AKRON, Ohio (TheStreet) -- Small-cap stocks, such as children's clothing retailers Gymboree( GYMB) and Carters (CRI) - Get Report, may extend gains because they're in growing industries outside of Europe's debt woes, says Robert Stimpson, manager of the River Oak Discovery Fund (RIVSX) - Get Report.
The small-cap growth mutual fund has fallen 4.9% this year after surging 62% in 2009, outperforming all but 2% of its rivals.
Welcome to TheStreet.com's Fund Manager Five Spot, where America's top mutual fund managers give their best stock picks and views on the market in a five-question format.
How are small-caps faring during the recovery?
Small-caps have been doing OK. Primarily because of their domestic exposure versus large-caps, which have more exposure to Europe, so they're actually outperforming large-cap stocks year-to-date. Sure, they have been hit the last couple of weeks with problems going on in Europe, but for the most part, they've been outperforming.
The drug distributors are more of a defensive sector, being in health care. They also have very high cash balances as a percentage of their market cap -- that gives them a lot of financial flexibility. There's a good backlog coming of generic drugs from former brand names that are coming off patent, such as Lipitor, and the drug distributors get higher margins from the generics, and they're trading at very attractive valuations, at over a 10% free-cash-flow yield.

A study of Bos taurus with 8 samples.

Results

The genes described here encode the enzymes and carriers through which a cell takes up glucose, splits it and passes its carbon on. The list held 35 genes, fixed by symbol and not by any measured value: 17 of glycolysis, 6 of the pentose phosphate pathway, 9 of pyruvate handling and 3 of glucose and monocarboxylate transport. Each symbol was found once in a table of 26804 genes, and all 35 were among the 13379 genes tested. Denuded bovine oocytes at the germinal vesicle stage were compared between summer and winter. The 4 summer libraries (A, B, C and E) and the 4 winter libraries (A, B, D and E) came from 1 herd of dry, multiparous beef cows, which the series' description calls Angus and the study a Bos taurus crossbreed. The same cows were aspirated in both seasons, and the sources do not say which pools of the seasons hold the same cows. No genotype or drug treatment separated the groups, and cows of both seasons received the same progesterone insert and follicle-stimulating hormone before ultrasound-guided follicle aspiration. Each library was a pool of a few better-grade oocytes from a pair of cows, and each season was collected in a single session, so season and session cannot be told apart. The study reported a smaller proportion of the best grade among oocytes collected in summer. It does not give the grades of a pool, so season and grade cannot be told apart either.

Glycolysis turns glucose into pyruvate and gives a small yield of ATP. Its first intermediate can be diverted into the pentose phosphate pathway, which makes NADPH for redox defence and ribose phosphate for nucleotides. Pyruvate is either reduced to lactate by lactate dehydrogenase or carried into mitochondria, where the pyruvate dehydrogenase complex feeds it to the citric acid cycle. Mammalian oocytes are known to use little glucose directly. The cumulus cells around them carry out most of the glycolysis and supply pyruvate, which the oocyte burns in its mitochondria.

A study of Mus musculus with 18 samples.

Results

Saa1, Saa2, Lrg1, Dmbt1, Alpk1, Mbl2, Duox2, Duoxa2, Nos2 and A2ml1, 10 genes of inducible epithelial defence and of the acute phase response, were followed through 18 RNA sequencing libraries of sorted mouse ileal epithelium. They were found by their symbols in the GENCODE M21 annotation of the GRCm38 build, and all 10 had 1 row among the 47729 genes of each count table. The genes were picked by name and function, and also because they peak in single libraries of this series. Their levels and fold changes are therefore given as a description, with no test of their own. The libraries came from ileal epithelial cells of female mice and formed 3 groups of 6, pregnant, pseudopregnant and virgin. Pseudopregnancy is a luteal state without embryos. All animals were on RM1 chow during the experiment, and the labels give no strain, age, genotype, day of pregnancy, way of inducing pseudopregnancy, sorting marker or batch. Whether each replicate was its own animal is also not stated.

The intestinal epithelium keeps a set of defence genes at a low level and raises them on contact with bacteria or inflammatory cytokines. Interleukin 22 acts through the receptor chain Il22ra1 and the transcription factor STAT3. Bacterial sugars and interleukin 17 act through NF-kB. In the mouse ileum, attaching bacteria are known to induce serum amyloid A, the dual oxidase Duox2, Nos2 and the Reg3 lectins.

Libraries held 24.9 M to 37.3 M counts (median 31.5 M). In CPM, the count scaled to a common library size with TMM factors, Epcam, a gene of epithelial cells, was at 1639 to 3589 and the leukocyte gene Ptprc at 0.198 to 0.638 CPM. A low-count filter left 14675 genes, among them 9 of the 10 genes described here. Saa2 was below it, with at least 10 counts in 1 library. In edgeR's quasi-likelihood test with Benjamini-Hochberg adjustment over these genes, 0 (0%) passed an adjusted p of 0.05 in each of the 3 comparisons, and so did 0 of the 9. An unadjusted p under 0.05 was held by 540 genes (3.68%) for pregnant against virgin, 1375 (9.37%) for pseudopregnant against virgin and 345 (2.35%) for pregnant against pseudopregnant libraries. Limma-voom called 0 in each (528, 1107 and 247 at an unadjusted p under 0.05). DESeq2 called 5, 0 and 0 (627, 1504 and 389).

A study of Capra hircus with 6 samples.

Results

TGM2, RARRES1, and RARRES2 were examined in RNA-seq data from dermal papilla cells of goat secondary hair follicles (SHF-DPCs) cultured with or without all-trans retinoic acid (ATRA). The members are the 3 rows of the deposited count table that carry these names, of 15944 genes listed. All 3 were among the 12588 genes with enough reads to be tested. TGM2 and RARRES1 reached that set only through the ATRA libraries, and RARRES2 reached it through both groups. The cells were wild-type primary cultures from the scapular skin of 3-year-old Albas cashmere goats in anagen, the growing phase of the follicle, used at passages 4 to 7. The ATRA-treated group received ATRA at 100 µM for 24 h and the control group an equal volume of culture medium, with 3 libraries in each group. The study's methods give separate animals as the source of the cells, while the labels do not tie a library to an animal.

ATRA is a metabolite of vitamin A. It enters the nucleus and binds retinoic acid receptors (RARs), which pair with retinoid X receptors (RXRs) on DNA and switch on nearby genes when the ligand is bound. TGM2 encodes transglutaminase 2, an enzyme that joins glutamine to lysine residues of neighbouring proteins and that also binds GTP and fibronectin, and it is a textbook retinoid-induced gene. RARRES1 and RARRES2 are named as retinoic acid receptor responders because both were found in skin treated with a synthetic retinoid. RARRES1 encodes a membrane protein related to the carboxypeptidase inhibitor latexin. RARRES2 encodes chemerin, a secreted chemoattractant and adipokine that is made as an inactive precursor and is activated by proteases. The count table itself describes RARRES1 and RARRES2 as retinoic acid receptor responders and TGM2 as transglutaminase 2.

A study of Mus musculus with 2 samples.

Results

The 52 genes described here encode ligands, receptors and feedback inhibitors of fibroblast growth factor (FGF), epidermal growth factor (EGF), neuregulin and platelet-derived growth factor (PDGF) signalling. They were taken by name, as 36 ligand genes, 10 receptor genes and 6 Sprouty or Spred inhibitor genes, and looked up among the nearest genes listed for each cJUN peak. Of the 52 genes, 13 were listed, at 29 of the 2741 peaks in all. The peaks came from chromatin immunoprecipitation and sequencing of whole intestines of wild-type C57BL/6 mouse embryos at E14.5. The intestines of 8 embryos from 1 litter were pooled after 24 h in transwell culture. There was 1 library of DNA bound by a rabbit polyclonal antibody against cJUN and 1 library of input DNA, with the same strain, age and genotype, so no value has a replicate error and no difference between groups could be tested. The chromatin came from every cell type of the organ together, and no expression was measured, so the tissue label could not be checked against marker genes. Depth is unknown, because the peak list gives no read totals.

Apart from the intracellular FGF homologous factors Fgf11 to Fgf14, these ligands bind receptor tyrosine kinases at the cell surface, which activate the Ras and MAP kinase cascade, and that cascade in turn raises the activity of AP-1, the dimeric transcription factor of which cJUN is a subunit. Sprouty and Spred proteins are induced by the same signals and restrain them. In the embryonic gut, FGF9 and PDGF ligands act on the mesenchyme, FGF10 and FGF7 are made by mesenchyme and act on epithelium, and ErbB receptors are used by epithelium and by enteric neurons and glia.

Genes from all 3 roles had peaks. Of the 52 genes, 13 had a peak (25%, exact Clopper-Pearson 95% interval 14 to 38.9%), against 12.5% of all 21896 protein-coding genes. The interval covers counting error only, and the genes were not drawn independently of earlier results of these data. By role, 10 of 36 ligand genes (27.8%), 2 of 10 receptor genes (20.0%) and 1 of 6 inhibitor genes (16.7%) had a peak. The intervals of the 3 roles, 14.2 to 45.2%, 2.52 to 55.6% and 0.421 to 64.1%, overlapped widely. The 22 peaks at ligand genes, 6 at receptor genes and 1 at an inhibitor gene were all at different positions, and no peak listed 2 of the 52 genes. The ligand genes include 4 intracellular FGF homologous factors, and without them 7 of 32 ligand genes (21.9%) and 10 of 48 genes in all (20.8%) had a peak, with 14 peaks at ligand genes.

You're also big on kids clothing retailers like Gymboree and Carters.
It's another area within retail that's a little more defensive, a little more steady spending. Those stocks offer some growth opportunities and attractive valuations. Also, free-cash-flow yields of over 10%. And when you're going to be within the consumer-discretionary space, they avoid some of the issues such as fashion trends and have better growth opportunity because of it.
It's more of a high-flying name, but it is a brand name within Latin America. They're one of the most popular Web sites, right behind companies like
, so that says a lot to their brand in Latin America, which is still a great growth area for the global economy, trading at a valuation today that is much more attractive than it was, say, six months ago. So it's buying a market leader at a better price.
Oceaneering International does the sub-sea services, the remote-operated vehicles and other subsea activities and engineering. They've really been dragged down with the rest of the energy group, given the problems in the Gulf of Mexico, but I don't think you throw the baby out with the bath water. It's a good company with specific expertise, which makes them attractive from an acquisition standpoint, and the moratorium on drilling in the Gulf is going to be temporary because of the needs for oil in our economy.
-- Reported by Gregg Greenberg in New York.